Hello again! So on this post we are going to be talking about shutter speed.
Definition: The amount of time it takes for a camera shutter to open and close, exposing a certain amount of light to the camera's image sensor
That was the basic definition, but if you would like to read into more detail to understand what I am saying, here it is! It is best to read this with your camera in hand to try it out and fully understand. So, if you have your camera in hand, take off the lens and look inside of that space on the camera body. If you see a series of mirrors, that means your camera is a DSLR (Digital Single-Lens Reflex). And if you don't see a series of mirrors, that means your camera is a mirrorless camera (I can explain this in another post if you'd like). The device behind the mirrors (or you may see it right now) is called the image sensor. Think of the image sensor as the brain of the camera, taking in all of the light through the camera lens and processing it into pixels.
The longer the image sensor is exposed, the brighter the image will be. And that is where the shutter speed comes in. In between the mirror and the image sensor is what is called the shutter. The shutter is a series of very small, horizontal, metal blades that expand (close) and contract (open) over the image sensor when you press the button to take a photo (which is also called the shutter button). The shutter speed is exactly what it sounds like, the speed (measured in seconds) that the shutter opens and closes. The faster the shutter speed, the faster the blades move up and down, making the image sensor less exposed, meaning that the image will be darker.
So how do you change the shutter speed in a camera? The shutter speed is changed by the wheel-like mechanism behind your shutter button. If you rotate it clockwise, the shutter speed will increase, and if you turn it counter-clockwise it will increase. In order to tell what your shutter speed is, look for a number displayed in fractions. That number represents the fraction of a second it takes for the shutter to open and close. For example, the best shutter speed for portraits is 1/200, meaning 1/200th of a second. However, once you continue to rotate counter-clockwise, you will start to see " show up next to a number. That indicates the number of seconds the shutter will stay open. So try switching the shutter speed to 3", and see what your camera does! The last setting that you will see in the shutter speed is BULB, and that basically means that the shutter will stay open for as long as you hold down on the button.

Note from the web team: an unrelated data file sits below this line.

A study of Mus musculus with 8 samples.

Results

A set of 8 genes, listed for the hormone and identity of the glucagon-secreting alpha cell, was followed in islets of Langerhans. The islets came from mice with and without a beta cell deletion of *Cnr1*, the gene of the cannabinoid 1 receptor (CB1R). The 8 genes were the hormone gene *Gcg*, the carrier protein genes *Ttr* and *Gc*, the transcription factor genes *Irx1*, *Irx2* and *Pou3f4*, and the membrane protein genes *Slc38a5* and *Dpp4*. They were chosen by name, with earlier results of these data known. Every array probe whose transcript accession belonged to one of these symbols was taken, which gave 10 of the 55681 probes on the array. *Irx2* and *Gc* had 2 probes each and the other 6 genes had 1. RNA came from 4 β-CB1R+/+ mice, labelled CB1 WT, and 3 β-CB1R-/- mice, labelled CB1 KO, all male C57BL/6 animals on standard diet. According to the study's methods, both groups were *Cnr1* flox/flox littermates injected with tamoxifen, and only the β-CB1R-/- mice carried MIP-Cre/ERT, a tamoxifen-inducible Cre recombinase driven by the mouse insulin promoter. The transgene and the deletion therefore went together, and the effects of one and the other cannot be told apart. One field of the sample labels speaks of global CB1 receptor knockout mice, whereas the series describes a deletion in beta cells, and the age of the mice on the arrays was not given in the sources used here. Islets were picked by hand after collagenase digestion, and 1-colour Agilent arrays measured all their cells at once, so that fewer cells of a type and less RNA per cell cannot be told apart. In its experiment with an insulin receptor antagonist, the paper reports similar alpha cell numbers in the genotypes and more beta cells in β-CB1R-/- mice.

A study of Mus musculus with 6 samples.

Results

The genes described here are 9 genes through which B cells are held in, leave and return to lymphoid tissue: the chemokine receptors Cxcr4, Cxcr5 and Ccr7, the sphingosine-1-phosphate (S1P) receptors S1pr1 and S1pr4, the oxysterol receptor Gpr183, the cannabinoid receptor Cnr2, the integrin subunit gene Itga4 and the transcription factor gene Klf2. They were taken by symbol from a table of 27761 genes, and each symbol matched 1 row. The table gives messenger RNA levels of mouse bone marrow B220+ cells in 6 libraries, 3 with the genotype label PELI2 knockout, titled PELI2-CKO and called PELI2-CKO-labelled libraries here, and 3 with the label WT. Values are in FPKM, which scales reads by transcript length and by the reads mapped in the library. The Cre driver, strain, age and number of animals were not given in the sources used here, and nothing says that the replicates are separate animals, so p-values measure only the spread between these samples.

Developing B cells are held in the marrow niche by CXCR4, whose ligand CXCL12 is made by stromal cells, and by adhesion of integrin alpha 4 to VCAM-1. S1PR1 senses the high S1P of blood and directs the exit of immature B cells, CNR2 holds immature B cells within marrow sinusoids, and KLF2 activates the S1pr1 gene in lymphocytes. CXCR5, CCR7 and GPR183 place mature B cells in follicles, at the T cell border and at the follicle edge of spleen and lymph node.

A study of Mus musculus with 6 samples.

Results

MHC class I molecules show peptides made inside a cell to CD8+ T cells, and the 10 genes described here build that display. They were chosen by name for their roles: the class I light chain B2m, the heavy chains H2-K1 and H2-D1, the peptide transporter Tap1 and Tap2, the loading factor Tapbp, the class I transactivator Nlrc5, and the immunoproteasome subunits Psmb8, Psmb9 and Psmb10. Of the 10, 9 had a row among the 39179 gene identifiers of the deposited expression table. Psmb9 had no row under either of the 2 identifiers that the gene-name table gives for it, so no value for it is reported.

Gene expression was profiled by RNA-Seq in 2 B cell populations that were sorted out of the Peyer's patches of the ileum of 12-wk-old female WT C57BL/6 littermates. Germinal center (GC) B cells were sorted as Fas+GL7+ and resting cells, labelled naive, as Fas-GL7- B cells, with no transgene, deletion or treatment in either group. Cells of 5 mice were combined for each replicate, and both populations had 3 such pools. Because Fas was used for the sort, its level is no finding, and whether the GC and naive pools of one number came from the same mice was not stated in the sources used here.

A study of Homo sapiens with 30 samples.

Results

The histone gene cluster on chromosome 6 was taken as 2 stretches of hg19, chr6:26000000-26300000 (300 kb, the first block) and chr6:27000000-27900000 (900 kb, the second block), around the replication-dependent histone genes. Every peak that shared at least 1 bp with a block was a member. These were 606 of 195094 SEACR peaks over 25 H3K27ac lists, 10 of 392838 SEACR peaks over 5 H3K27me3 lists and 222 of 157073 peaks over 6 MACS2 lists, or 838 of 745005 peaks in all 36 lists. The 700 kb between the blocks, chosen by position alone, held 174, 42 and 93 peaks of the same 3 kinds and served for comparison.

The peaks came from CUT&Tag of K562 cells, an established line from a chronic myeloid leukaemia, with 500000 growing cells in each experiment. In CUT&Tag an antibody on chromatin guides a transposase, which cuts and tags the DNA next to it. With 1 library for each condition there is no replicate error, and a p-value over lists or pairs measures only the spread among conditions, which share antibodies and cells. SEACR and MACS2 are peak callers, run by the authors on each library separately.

What is the importance of shutter speed? This is only one out of the three settings to determine exposure. Exposure basically is how well lit your photo is. Changing the shutter speed can do everything from freeze a very fast-paced action to purposefully adding motion blur for a certain effect.
So I have come up with a quick list of ideal shutter speed examples in every day photography
Landscape: 1/10 (you'll need a tripod)
Still life: 1/160
Night sky: BULB 30"
Now, you may ask, "Why am I doing these shutter speeds but my photo is still too dark/light?" And my answer to that is because if you are in Manual (M) mode, then you have to balance that with the Aperture and ISO as well, and I will be covering those as well later. But for now, if you only understand shutter speed then you can put the camera setting to Shutter Priority (Tv) and the camera will automatically change those other settings to what it thinks is correct. So have fun shooting!
Please let me know if this was too confusing or if I went too fast in some places, and if you have any questions, feel free to email me at firstname.lastname@example.org or DM me on Instagram @darinhallphoto. If you read this far, thanks!